Syngenta answers amended complaint in federal atrazine class action

By Amelia Flood | Dec 8, 2010



EAST ST. LOUIS - Syngenta Crop Protection Inc. and its Swiss parent company have filed an answer in a proposed atrazine class action suit brought by the city of Greenville, denying they should be subject to Southern District of Illinois' jurisdiction.

The company, a leading maker of the popular weed killer, also argues that the complaint filed earlier this year by attorney Stephen Tillery uses vague terms and is not specific.

Greenville proposes to lead a class of water providers from Illinois, Missouri, Kansas and other states, claiming atrazine runs off farm fields and contaminates drinking water supplies.

In its answer, Syngenta also offers a number of affirmative defenses.

The company argues that many of the claims are barred by the doctrine of comparative fault, the economic loss doctrine and statutes of limitations.

Syngenta also argues that plaintiffs have not exhausted administrative remedies and that they cannot recover some damages, such as future damages, under the law.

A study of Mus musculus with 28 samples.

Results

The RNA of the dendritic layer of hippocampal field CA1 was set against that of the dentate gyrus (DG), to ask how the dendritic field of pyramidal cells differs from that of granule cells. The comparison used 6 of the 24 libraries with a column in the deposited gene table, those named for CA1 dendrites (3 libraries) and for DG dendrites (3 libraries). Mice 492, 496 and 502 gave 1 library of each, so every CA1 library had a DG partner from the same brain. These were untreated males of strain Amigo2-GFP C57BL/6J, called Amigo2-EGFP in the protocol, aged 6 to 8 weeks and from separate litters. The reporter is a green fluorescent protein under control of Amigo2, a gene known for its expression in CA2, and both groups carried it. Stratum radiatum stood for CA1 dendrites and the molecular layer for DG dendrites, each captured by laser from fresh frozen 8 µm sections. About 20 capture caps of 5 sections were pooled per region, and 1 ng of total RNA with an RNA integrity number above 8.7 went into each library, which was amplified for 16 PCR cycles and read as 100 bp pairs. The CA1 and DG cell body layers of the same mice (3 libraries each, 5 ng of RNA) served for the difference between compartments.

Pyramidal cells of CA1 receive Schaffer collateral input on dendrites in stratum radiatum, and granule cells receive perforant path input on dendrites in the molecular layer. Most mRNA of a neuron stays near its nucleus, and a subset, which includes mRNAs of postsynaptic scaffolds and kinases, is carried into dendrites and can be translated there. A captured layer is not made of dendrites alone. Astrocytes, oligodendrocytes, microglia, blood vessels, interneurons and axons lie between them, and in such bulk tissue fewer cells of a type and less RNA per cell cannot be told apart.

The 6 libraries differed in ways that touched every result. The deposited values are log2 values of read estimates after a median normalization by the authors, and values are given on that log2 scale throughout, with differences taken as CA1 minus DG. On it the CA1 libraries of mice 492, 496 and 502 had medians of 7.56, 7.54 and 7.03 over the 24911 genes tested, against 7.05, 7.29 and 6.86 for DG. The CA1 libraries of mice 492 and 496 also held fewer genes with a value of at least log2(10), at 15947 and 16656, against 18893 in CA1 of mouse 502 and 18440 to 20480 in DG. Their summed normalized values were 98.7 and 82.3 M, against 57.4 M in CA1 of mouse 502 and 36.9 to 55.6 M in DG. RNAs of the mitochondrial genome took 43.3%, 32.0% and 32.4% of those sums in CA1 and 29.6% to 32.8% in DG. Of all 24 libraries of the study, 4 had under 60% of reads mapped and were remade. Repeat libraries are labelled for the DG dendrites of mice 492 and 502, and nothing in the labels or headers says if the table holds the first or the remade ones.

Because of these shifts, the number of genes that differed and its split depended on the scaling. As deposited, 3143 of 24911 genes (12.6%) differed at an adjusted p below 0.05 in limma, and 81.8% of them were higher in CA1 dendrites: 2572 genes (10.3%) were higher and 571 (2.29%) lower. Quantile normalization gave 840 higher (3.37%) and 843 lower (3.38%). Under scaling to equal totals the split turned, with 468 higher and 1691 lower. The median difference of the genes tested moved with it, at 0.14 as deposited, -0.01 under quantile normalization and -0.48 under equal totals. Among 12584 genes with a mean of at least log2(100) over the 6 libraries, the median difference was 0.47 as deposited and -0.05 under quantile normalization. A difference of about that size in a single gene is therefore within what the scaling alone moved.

The company also contends that the relief the plaintiffs seek is barred by the commerce clause of the United States Constitution.

Recently, several plaintiffs from Indiana were thrown out of the case after U.S. District Court Judge J. Phil Gilbert ruled that Indiana law did not provide them with a means of relief.

The federal suit claims damages in the case to be greater than $5 million.

The case is nearly identical to six state class actions currently pending in Madison County including one against Syngenta.

Those cases were filed six years ago by lead plaintiff Holiday Shores Sanitation District, and they are in an early discovery process.

While a case against Syngenta in Madison County has moved faster than its counterparts, it is currently at the appellate court in Mount Vernon due to discovery disputes among Holiday Shores, Syngenta and a number of non-parties to the case that were served with subpoenas.

None of the Madison County cases have been certified to date.

The same team of attorneys that represent Holiday Shores, including Tillery, represent Greenville and the proposed class.

Kurtis Reeg represents Syngenta in both suits.

The case number is 3:10 – cv-00188-JPG-PMF

The older Madison County suit is case number 04-L-708.